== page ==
On Saturday morning, I found myself surrounded by knives, guns and ammo. Lots and lots of it.
I went with some friends to check out the first gun and knife show in Centralia since the roll-out of Initiative 594 on Dec. 4. The new law, passed overwhelmingly by a majority of voters, closes the “gun show loophole.” Under current federal law, background checks are required only for sales by licensed firearms dealers. I-594 expands those background checks to private transfers or sales, common to gun shows.
“Remember to dress Lewis County and not Seattle-USC,” my friend text messaged me beforehand. I think I blended in just fine, other than the fact I was one of only two people of color there. At the entrance of the venue, a huge sign read “NO LOADED GUNS.” Security guards at the entrance provided zip ties to help people lock guns they wanted to bring inside to trade.
Once inside, the whole thing felt like an indoor swap meet. The place had the festive mood of a holiday bazaar with a whole lot of camo colors. For about an hour, we perused aisles and aisles of rifles, shotguns, bullets, stun guns, handcrafted knives, holsters, jackets, war paraphernalia, National Rifle Association pamphlets on Second Amendment rights, and even dehydrated food for hunters. I could purchase an AR-15 assault-style rifle for $600. Or perhaps three gun cleaning kits for $90, as advertised in a sign that enticed buyers with this friendly reminder: “X-mas is coming! Best present ever! Will fit in man’s stocking!”
For the full experience, I went through a free background check after eying a $300 Winchester shotgun. Bremerton-based Palmer Ordnance was there to run the background checks using the federal database. I filled out a private-party transfer information sheet and a federal Firearms Transaction Record known as Form 4473. There was only one guy ahead of me but he had such a common name, it was taking a while to find him in the system. If your name is John Smith and a felon shares your name and birth date, it could cause delay. Eventually, the man was told something like he would have to wait as long as three business days for the background check to be completed before he could purchase the gun. The buyer shook his head, canceled the deal and walked away.
Then it was my turn. We had a slight problem. The vintage gun I was interested in purchasing did not have a serial number. Someone brought it over from the dealer’s table. No digits anywhere, but that didn’t stop the process. They started the check; I was cleared almost instantly. I suppose that’s one advantage to having an uncommon full name and a felony-free record.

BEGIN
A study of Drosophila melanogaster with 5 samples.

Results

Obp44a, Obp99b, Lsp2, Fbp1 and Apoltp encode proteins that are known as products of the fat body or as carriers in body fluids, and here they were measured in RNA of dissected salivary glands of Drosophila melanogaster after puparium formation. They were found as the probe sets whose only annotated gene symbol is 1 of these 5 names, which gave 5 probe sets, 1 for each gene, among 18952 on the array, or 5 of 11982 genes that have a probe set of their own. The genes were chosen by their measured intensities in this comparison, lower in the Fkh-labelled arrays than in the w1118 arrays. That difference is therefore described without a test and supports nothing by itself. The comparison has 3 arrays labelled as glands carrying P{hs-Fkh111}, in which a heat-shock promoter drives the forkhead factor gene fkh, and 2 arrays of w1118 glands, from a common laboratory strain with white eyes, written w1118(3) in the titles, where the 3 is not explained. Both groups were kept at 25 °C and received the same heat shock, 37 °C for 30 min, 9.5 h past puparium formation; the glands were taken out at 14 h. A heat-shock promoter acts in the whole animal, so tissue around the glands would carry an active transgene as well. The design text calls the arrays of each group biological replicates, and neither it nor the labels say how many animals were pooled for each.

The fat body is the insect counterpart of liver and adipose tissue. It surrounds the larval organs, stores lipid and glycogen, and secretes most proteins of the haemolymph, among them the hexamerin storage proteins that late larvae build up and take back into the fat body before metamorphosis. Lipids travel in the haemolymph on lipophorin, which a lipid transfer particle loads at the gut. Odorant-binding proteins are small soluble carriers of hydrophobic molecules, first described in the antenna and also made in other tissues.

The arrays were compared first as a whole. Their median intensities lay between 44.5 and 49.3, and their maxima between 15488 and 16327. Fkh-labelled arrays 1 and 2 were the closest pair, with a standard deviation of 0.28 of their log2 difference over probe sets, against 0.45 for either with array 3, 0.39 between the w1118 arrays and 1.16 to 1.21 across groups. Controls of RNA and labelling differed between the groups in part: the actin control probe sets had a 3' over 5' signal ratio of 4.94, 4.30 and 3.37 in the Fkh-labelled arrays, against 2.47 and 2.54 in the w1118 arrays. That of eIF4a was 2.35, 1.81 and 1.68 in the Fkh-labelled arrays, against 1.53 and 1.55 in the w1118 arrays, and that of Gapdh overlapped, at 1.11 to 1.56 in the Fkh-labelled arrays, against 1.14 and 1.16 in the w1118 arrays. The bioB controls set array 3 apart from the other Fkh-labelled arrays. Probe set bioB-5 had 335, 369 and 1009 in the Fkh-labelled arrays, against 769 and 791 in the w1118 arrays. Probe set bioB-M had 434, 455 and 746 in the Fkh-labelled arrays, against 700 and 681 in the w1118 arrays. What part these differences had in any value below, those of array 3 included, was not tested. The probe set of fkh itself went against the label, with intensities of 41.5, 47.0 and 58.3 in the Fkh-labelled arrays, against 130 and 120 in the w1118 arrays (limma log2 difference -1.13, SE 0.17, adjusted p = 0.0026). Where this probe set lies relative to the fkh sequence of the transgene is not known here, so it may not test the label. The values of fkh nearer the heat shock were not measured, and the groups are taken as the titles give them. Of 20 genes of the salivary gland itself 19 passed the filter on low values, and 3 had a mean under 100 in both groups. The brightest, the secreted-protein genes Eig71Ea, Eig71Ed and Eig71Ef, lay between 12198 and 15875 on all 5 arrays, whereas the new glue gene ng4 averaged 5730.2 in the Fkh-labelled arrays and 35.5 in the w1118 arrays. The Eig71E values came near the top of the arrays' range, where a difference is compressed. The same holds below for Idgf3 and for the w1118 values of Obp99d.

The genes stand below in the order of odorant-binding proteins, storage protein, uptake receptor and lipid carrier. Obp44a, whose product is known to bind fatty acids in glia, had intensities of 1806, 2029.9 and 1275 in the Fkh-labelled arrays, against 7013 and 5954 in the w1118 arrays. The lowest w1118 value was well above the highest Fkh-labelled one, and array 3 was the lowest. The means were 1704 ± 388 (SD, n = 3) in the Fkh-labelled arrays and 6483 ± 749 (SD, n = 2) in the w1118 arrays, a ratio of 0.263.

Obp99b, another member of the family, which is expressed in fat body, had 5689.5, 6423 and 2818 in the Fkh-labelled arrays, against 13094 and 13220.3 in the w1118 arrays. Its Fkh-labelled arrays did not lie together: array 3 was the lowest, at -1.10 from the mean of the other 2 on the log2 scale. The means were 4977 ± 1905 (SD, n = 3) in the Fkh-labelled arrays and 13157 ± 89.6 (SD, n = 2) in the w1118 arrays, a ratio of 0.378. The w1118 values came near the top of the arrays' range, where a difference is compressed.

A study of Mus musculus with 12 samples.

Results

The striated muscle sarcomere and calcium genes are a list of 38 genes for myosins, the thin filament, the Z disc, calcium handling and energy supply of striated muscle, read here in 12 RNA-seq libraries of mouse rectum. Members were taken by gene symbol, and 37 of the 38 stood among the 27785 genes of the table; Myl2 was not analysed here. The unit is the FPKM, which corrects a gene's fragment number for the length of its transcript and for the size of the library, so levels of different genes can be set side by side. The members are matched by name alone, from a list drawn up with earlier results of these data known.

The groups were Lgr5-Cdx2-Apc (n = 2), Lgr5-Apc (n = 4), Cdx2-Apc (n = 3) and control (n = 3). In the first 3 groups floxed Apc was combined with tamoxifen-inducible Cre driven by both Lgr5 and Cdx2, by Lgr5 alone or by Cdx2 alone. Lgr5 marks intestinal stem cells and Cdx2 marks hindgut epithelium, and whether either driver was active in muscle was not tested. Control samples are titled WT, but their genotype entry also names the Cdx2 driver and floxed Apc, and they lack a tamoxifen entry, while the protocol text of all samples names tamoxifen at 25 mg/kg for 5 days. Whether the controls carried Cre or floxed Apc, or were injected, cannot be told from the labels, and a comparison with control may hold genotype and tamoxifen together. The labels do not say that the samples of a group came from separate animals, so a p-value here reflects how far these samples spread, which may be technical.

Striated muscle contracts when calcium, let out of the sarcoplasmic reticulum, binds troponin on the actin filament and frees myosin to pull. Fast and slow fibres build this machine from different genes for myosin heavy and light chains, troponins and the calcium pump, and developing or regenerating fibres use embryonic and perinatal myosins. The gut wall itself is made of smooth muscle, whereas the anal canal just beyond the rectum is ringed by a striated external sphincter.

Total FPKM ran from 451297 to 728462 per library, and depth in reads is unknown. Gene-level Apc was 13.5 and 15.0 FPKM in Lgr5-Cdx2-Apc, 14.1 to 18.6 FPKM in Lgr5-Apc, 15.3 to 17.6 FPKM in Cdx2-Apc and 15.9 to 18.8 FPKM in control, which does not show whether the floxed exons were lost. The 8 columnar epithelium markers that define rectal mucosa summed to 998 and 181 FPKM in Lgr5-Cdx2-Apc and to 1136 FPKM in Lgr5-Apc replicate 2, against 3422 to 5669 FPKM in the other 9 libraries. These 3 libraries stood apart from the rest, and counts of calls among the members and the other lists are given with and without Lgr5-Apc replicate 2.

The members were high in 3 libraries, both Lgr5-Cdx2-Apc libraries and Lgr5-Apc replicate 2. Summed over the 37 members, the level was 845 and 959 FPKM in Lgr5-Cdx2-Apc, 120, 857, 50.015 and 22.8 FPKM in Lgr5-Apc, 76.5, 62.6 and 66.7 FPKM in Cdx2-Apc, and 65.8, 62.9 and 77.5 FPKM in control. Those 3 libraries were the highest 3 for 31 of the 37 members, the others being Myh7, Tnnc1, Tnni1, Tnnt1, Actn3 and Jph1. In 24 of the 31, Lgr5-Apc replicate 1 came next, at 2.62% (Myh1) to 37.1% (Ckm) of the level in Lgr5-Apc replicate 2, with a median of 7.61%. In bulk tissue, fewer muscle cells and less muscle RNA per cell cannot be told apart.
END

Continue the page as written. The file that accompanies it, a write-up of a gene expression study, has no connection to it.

To complete the trade, I would have to show the dealer this confirmation note:
There were certainly big dealers at the show, but most of the exhibitors appeared to be hobbyists and small-business owners. One seller from West Seattle did not need a license to set up a table. He was trying to help an elderly friend sell some of her late husband’s guns. It had taken two years for them to figure out the combination to his old safe. Inside, they found more than $4,000 worth of guns, including a vintage German Nazi pistol. If he could sell a few of those, he said, “it sure would help this widow get through a tough time.”
Another seller several rows over waved around a copy of the initiative as he tried to explain to a customer how taxes would be collected under the new law. He looked frustrated. (According to a non-partisan legislative analysis, retail sales tax does not apply to sales or transfers between two unlicensed people if they’ve complied with all background checks. A licensed dealer who facilitates the transfer of a firearm between unlicensed people “is not obligated” to collect a use tax.)
Some of the wording in the new law could be clarified. But from my experience, I just don’t view the concept of background checks as a huge burden. Of course, there are many others who adamantly disagree. On that same morning, just 25 miles away in Olympia, hundreds of gun-rights protesters met and openly exchanged their weapons in defiance of Initiative 594. (Read The Seattle Times’ news story.) The people in this crowd spoke as though gun-control supporters, including myself, are out to take away their right to bear any arms. That’s not true.
Back at the gun show in Centralia, I walked the Winchester back to the dealer, thanked him for letting me explore the screening process and pondered what had just happened. Technically, I was not supposed to handle the firearm at all until the background check was complete and the seller was notified, but the gun had no ammunition and I probably looked harmless. In any case, there was no way anyone there was going to enforce the rule.
I left the show with a pro-gun sticker, an old Vietnam War medal and a book. No gun.
My friend, who has been to these swap meets many times before, encouraged me to take one last look around. I saw law-abiding people, some of whom probably feel unfairly targeted by the provisions in I-594. They shouldn’t.
The new law will hopefully prevent sellers from inadvertently selling arms to people with bad intentions. And though some gun enthusiasts might be annoyed at the prospect of having to go through a background check and maybe waiting a few extra days to be cleared, state law does not prohibit responsible owners from purchasing weapons in Washington state.